Agencies must use Cyberscope tool for FISMA reports

OMB, DHS issue guidance for 2011 reporting of the Federal Information Security Management Act detailing the requirement to use the automated tool. In the 2012 b...

By Jason Miller
Executive Editor
Federal News Radio

Agencies must submit information on the health and security of their computer networks into an automated tool, called Cyberscope, by Nov. 15, and every month thereafter.

Office of Management and Budget Director Jack Lew sent the annual Federal Information Security Management Act guidance to agencies Sept. 14 detailing new mandates to use the online tool as part of the administration’s push to have continuous monitoring of agency computer networks.

“This shift from the once-a-year FISMA reporting process to a monthly reporting of key metrics through Cyberscope allows security practitioners to make decisions using more information — delivered more quickly than ever before,” Lew wrote in the memo to agency secretaries. “The goal for federal information security in FY 2011 is to build a defensible federal enterprise that enables agencies to harness technological innovation, while protecting agency information and information systems. To maximize the timeliness and fidelity of security related information, the collection of data should be a by-product of existing continuous monitoring processes.”

The Homeland Security Department issued the specific guidance as part of OMB’s memo. OMB gave DHS oversight authority over FISMA reporting in 2010.

“While full implementation of automated security management tools across agencies will take time, agencies should report what they can using output from their automated security management tools,” wrote Roberta Stempfley, acting assistant secretary in the DHS Office of Cybersecurity and Communications in a memo to agency security managers. “These reporting requirements will mature over time as the efforts of the Chief Information Officer (CIO) Council’s Continuous Monitoring Working Group, in collaboration with the agencies, evolve and additional metrics and capabilities are developed.”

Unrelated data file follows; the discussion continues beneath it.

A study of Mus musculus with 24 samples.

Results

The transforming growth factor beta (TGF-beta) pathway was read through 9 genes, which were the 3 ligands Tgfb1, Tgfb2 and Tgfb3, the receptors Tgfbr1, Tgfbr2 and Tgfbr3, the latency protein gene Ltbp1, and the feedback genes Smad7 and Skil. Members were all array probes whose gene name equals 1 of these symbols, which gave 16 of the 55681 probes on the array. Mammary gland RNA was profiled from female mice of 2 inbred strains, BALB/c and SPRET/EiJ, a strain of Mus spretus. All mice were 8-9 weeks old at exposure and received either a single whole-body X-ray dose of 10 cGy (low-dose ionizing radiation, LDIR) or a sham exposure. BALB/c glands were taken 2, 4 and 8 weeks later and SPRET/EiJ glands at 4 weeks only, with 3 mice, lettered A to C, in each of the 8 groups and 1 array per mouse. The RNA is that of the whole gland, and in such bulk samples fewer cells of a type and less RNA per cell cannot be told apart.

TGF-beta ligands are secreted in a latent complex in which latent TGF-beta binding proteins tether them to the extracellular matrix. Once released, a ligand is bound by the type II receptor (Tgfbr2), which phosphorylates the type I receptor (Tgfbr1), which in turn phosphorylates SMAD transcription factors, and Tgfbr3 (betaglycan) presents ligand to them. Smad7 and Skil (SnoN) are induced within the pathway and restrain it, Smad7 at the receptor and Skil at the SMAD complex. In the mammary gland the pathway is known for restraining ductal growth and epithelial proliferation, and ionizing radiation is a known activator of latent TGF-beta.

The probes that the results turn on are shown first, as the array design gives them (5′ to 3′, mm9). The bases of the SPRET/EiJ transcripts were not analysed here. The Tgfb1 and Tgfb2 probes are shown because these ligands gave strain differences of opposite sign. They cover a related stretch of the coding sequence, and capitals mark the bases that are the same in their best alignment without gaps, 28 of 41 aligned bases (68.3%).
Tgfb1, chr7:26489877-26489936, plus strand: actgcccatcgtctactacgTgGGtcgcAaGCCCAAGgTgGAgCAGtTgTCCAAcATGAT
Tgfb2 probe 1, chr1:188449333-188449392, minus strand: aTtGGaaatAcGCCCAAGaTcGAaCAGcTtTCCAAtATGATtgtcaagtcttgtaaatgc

Stempfley said DHS is not changing the metrics or reporting schemas from 2010, but will update the metrics as the CIO Council develops them.

OMB first asked agencies to use the Cyberscope tool last year but still accepted other methods for reporting FISMA data.

By mandating all data come in through Cyberscope, DHS will have one place to review all agency data on the health of governmentwide networks. It also is expected to save agencies money as automated reporting is less expensive than the once-a-year reporting traditionally done under FISMA.

In the fiscal 2012 budget passback, OMB set a deadline of Sept. 30 for agencies to use Cyberscope. Now that date has been extended by 45 days. There is no word on whether OMB changed the requirement for agencies to continuously monitor their networks by the end of 2012.

A request to OMB for comment on why the extended deadline was not immediately returned.

Along with monthly data, agencies will submit details on how they are meeting FISMA metrics twice during the year, between April 1-15 and again between July 1-15.

In addition to the data feeds to Cyberscope, agencies must answer a set of information security questions.

“These questions address areas of risk and are designed to assess the implementation of security capabilities and measure their effectiveness,” Stempfley wrote.

DHS also will use the data in Cyberscope during its CyberStat sessions, in which it reviews and helps agencies improve their network security.

“Information compiled from the review process will also give DHS, OMB, National Security Staff and other relevant stakeholders a holistic viewpoint of the cybersecurity posture of the executive branch of the federal government, informing future policy and oversight decisions,” Stempfley wrote. “A team of government security specialists will interview agencies not selected for a formal CyberStat review. These interviews will be focused on specific threats that each agency faces as a consequence of its unique mission.”

DHS also included 55 questions and answers in the guidance to help agencies understand the basics of the new requirements.